Vanity Fair: Passing through or settling in?

What we generally take for granted as “the world around us,” the great John Bunyan described figuratively as a colorful, raucous, irresistible riot of carnal commerce called Vanity Fair. The whole thing, he warned, is set up to turn us from the love and rewards of God—yet in Bunyan’s telling, every pilgrim journeying toward God is obligated to go there. One must push through, resist capture, break out and with divine help at last leave Vanity Fair behind.

This appears, of course, in The Pilgrim’s Progress, a Christian classic of the 1600s. Culturally literate people will recognize two latter-day echoes from Vanity Fair. Already by the 1800s, when Thackeray titled a novel after it, the fair had lost any explicit spiritual connotation, though it retained a keen moral edge.

Today, another two centuries on, as the fair’s name has been revived in one of the smartest of all smart media voices, the moral edge is gone as well, leaving only a self-satisfied air of the in-crowd that all do what is right in their own eyes and contrary opinion be damned.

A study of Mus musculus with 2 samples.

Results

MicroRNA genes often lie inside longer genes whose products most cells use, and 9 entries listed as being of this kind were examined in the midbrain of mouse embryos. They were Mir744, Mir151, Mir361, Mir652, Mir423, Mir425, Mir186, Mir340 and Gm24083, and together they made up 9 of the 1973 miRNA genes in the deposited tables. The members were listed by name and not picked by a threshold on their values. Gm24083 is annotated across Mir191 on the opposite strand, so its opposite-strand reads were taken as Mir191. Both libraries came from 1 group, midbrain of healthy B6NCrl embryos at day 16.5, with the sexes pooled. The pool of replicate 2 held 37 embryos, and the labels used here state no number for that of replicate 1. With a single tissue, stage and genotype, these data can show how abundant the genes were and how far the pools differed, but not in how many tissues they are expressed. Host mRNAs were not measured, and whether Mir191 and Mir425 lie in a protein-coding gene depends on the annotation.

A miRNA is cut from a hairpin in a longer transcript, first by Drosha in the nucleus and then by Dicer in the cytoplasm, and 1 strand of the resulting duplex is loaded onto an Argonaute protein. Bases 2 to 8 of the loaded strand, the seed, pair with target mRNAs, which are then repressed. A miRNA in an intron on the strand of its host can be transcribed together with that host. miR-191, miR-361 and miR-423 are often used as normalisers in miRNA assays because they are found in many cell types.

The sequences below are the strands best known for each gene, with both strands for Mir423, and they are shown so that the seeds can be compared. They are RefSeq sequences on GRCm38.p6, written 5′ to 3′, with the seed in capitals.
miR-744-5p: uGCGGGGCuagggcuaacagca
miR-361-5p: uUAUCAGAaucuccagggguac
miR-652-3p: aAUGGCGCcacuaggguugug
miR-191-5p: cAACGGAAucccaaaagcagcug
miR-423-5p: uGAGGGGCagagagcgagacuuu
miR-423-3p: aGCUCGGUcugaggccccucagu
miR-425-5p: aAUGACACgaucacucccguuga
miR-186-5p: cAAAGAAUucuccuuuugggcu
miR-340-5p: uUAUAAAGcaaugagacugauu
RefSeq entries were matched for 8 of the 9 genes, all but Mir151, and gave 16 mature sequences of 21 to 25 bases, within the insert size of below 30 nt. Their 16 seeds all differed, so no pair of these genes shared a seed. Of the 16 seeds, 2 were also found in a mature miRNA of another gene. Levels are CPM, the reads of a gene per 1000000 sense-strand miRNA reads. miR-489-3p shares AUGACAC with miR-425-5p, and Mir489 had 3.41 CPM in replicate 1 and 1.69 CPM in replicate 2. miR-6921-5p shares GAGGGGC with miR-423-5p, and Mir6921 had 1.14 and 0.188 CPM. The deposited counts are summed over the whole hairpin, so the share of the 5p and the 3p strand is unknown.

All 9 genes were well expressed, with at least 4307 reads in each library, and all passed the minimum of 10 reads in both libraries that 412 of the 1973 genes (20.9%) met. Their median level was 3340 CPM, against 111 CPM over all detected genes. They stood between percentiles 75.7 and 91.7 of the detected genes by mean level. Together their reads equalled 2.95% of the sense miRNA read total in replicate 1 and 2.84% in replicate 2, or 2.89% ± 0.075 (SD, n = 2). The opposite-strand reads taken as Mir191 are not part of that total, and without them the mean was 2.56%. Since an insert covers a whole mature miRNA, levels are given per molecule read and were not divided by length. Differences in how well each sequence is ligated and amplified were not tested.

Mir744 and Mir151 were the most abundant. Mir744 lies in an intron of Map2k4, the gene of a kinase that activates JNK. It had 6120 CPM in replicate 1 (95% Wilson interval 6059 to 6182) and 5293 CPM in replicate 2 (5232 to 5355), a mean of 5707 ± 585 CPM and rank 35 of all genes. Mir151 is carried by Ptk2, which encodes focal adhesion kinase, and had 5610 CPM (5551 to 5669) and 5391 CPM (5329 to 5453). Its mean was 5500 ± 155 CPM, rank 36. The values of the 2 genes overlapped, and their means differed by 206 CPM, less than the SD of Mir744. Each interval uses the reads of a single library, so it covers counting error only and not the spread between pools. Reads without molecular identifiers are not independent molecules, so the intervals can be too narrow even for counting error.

So far down the long road—the wrong road, John Bunyan would say, and I agree with him—has the civilization once as Christendom traveled. But look now, with this context having been established, at John Bunyan’s word-picture of Vanity Fair, and ask yourself if it doesn’t well describe the tangle of economics and politics and aspirations and distractions and obsessions and indulgences and spectacles that occupy 99% of the attention of most of us, even we who think ourselves good, serious, pious, upright folk:

At this fair are all such merchandise sold as houses, lands, trades, places, honors, preferments, titles, countries, kingdoms, lusts, pleasures; and delights of all sorts, as harlots, wives, husbands, children, masters, servants, lives, blood, bodies, souls, silver, gold, pearls, precious stones, and what not. And moreover, at this fair there is at all times to be seen jugglings, cheats, games, plays, fools, apes, knaves, and rogues, and that of every kind. Here are to be seen, too, and that for nothing, thefts, murders, adulteries, false-swearers, and that of a blood-red color.

Bunyan begins his account of Vanity Fair with a line from Ecclesiastes 11:8, “All that cometh is vanity.” We say to ourselves: Really? All? The Preacher, we have to conclude, meant exactly that; and so did John Bunyan.